The Annual Report of the Irish Data Protection Commissioner has been published. It reveals a few interesting trends in both the approach of the Irish regulator and the level of activity in the data protection space in Ireland.

Here’s a few we think are worth noting:

  • Complaints Volume Steady: The overall number of complaints has decreased year on year, although primarily because quite a number of complaints last year related to the same investigation. Taking that into account complaints volume remains steady and totalled 910;
  • Data Subject Access Request Compliance Below Standard: Over 50% of complaints relate to poor management by data controllers of data subject access requests – this should be a key area of focus for data controllers to ensure their employees know an access request when they see one. The ODPC considers this should be part and parcel of good customer service;
  • Co-Operative Regulatory Regime: Ireland still has a relatively co-operative approach to regulation – the vast majority of complaints in 2013 were resolved without the need for a formal decision under Section 10 of the Data Protection Acts or without enforcement action being required.   Overall 25 formal decisions were taken and fully upheld in 2013;
  • Rise of Cross Border Data Security Breach: During 2013, 1,507 valid data breach notifications were recorded by the DPC’s office. Most of these relate to email and postal addressee (human) error. Interestingly the ODPC is increasingly involved in security breaches with cross-border implications involving international tech corporations with a base in Ireland and also from domestic businesses offering services globally.
  • Privacy Audits On the Rise: The DPC’s office carried out 44 audits and inspections in 2013, a 10% increase on the previous year. The report identifies factors for selecting the targets of an audit, namely the amount and nature of the personal data processed by the organisation and the number of complaints and enquiries received by the DPC’s Office. In respect of the audit of LinkedIn-Ireland the report is expected to be finalised in 2014.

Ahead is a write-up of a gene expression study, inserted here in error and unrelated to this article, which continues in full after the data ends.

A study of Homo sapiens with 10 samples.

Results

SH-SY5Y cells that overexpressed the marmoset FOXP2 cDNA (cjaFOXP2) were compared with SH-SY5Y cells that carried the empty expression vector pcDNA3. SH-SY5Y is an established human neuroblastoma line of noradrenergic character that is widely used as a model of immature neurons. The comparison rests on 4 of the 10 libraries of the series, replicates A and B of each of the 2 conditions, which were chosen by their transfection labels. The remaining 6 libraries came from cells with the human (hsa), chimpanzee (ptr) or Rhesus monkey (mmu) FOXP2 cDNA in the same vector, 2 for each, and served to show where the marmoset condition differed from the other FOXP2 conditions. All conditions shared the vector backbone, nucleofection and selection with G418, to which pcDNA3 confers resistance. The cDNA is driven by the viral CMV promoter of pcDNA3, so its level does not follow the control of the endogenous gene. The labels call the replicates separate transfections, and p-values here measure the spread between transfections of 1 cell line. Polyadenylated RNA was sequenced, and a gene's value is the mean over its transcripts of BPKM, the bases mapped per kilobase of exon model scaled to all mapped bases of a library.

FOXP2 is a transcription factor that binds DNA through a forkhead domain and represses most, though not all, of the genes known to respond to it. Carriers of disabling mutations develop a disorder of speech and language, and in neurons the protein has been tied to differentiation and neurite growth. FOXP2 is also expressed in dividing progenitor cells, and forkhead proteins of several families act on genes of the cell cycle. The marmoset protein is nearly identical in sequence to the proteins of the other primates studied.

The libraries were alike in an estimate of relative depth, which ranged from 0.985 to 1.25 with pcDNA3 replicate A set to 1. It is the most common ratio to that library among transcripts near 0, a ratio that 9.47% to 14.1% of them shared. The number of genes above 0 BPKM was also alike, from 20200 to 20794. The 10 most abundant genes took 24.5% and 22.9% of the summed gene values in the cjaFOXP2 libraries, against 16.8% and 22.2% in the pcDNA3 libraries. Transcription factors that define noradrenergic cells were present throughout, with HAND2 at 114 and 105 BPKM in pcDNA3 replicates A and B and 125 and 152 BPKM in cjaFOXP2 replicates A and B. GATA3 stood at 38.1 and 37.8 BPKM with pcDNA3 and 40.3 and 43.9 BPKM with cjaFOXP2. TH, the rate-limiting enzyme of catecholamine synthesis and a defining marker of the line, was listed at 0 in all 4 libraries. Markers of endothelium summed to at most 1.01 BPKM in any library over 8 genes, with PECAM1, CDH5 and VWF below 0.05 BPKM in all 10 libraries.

• Websites Subject to Monitoring: The Global Privacy Internet Sweep involved the review of 79 different websites based on internationally agreed scoring criteria relating to privacy practices. A relatively small percentage of companies got top marks;
  • Cookie Clarity? The requirement for a prominent notification that cookies are being used and the preparation of a statement on cookies including a listing of each of the types of cookie being dropped is referred to in the context of a compliance sweep. The DPC’s office has published revised guidance on the topic;
  • Irish Government Reform Agenda Will Raise New Compliance Issues during 2014 – Watch this Space:
    • The introduction of National Postcode System and the data protection implications of this remain unclear and under consideration;
    • Smart Metering in Ireland in the consultative, design stage and Commission for Energy Regulation in 2013 has a data protection compliance team considering the privacy implications;
    • The Credit Report Bill 2012 provides for the establishment of a Central Credit Register. The DPC’s Office participated with the Department of Finance in safeguarding data protection provisions under the Bill. Draft Regulations that continue the data protection safeguards set out in the Bill will follow when the Bill has been enacted.
    • The Health Identifier Bill 2013 proposes to create a seven digit number which identifies every individual availing of a health service.   The DPC’s Office provided assistance to the Department of Health with comments on the draft provisions from a data protection standpoint;
    • The Water Services Act 2013 provides for the establishment of Irish Water which is the utility responsible for the establishment of a water metering system in Ireland. The data protection implications of the scheme remain under review;
    • The Sport Ireland Bill 2013 provides for the transfer of medical and other personal data of athletes to countries that may not have sufficient safeguards in place for the proper protection of that data.  Consultation with the Department of Sport is ongoing;
    • The Criminal Justice (Forensic Evidence and DNA Database System) Bill 2013 provides for the establishment of a DNA database system and the Report highlights that an important safeguard is contained in the provisions that provide for a representative from the DPC’s Office to be part of the independent oversight committee who will oversee the operation of the database.

As always, the case studies contained in the Annual Report offer a useful insight in to the approach of the Irish Data Protection Commissioner across a range of issues and are worth a read by data controllers and data processors alike.